After years of standing in the shadow of the sell side, Wall Street's buy-side firms are reaping rewards by realizing risk.

Sell to the Buy Side

In the past, the sell side has had the advantage on this credit-risk front, with quantitative-risk applications historically targeting banks, broker-dealers and insurance companies, notes Little-Gill. As a result of catering to the sell-side, the tools failed to use relative valuation, a key component of a buy-side portfolio manager's mandate.

Deborah Williams, group vice president of capital markets and corporate banking at Financial Insights, explains, "Investment management is fundamentally different because they have to beat a benchmark. Everything is relative, and there is no absolute return. The risk management that came from the sell side didn't have the concept of relative risk in the system for the buy side."

The market for these tools for asset managers, however, is increasing, as technology costs decrease and ease-of-use increases, says TowerGroup's Little-Gill.

John Osborne, director of portfolio analysis and research at Alberta Investment Management, an Edmonton, Alberta, Canada-based asset management firm, notes that the credit-risk-management tools have only recently matured to a point where they've become attractive to the buy side. "I don't think they were as widely available a few years ago as they are now, particularly with a price point that makes sense," he says.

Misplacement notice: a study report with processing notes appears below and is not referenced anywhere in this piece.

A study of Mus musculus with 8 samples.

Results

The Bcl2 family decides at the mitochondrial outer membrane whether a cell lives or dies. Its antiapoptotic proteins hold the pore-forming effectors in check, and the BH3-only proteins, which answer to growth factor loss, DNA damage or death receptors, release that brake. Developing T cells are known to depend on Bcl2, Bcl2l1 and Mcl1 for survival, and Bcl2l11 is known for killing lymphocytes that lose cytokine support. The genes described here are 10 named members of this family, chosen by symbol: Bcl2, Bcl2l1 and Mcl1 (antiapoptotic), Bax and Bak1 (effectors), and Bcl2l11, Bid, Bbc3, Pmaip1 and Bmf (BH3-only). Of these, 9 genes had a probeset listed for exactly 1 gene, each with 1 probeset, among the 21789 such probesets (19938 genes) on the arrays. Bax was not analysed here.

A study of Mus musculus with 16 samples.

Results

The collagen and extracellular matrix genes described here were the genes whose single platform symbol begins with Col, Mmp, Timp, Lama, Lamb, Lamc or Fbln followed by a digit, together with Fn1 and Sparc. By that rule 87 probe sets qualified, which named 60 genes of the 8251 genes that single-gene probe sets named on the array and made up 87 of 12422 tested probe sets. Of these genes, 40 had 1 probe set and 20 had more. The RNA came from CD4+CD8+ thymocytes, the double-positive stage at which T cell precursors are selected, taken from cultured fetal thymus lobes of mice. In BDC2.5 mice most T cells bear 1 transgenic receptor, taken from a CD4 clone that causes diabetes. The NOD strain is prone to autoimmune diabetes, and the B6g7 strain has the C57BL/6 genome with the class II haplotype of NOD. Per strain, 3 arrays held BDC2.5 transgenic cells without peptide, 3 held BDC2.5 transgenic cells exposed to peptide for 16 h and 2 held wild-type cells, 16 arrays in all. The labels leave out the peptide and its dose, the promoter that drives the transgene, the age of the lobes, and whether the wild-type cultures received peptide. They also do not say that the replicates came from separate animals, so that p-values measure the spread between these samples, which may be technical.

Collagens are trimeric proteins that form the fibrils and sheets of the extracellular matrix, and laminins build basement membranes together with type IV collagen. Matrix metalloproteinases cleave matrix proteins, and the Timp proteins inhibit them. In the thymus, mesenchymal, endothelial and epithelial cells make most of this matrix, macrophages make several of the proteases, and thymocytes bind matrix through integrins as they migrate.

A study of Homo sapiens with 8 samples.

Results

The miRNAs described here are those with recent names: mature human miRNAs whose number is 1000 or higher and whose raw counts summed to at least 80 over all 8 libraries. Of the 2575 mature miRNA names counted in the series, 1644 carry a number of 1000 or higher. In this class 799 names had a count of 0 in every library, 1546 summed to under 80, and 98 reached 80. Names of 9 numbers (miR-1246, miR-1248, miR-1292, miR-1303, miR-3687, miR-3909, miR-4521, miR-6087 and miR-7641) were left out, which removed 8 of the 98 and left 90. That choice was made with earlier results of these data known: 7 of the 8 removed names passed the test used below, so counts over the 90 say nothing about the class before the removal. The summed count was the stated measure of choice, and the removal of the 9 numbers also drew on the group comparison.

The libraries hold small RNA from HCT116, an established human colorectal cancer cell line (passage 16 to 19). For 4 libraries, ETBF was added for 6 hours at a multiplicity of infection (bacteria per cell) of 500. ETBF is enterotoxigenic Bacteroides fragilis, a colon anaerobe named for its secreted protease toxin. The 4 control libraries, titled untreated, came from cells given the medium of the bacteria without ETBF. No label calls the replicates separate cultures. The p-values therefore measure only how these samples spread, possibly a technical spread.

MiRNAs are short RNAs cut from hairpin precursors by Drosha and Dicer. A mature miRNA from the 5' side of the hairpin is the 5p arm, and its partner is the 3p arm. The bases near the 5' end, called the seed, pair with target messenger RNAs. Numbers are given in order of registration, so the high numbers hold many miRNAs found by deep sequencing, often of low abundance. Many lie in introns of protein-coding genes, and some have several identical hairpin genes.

In addition, Alberta Investment's clients have only recently begun to question risk within their own portfolios. "Our large institutional clients have grown in sophistication. We've done some elementary risk numbers, but they're looking to challenge us to provide something more dynamic than we had in the past," he adds.

Alberta Investments recently opted to take on a risk solution from DST International, an investment-management software vendor based in Surrey, U.K. The solution, HiRisk, offers the firm an in-house historical-simulation model, using inputted time frames, or confidence intervals, to illustrate the historical performance of a particular investment. In addition, the solution covers the gamut of asset classes that Alberta Investments manages, and it provides reports of its analyses.

While Osborne concedes that there may be more sophisticated quantitative models in the marketplace, he says the mathematical analysis provided by HiRisk is more than adequate. "Some of them are very technically capable, but many are not very user friendly. We didn't want to have a risk manager dropping off reports at the end of the day saying you need to buy or sell this because you're overexposed. We wanted a portfolio manager to be able to use it during the process," he explains.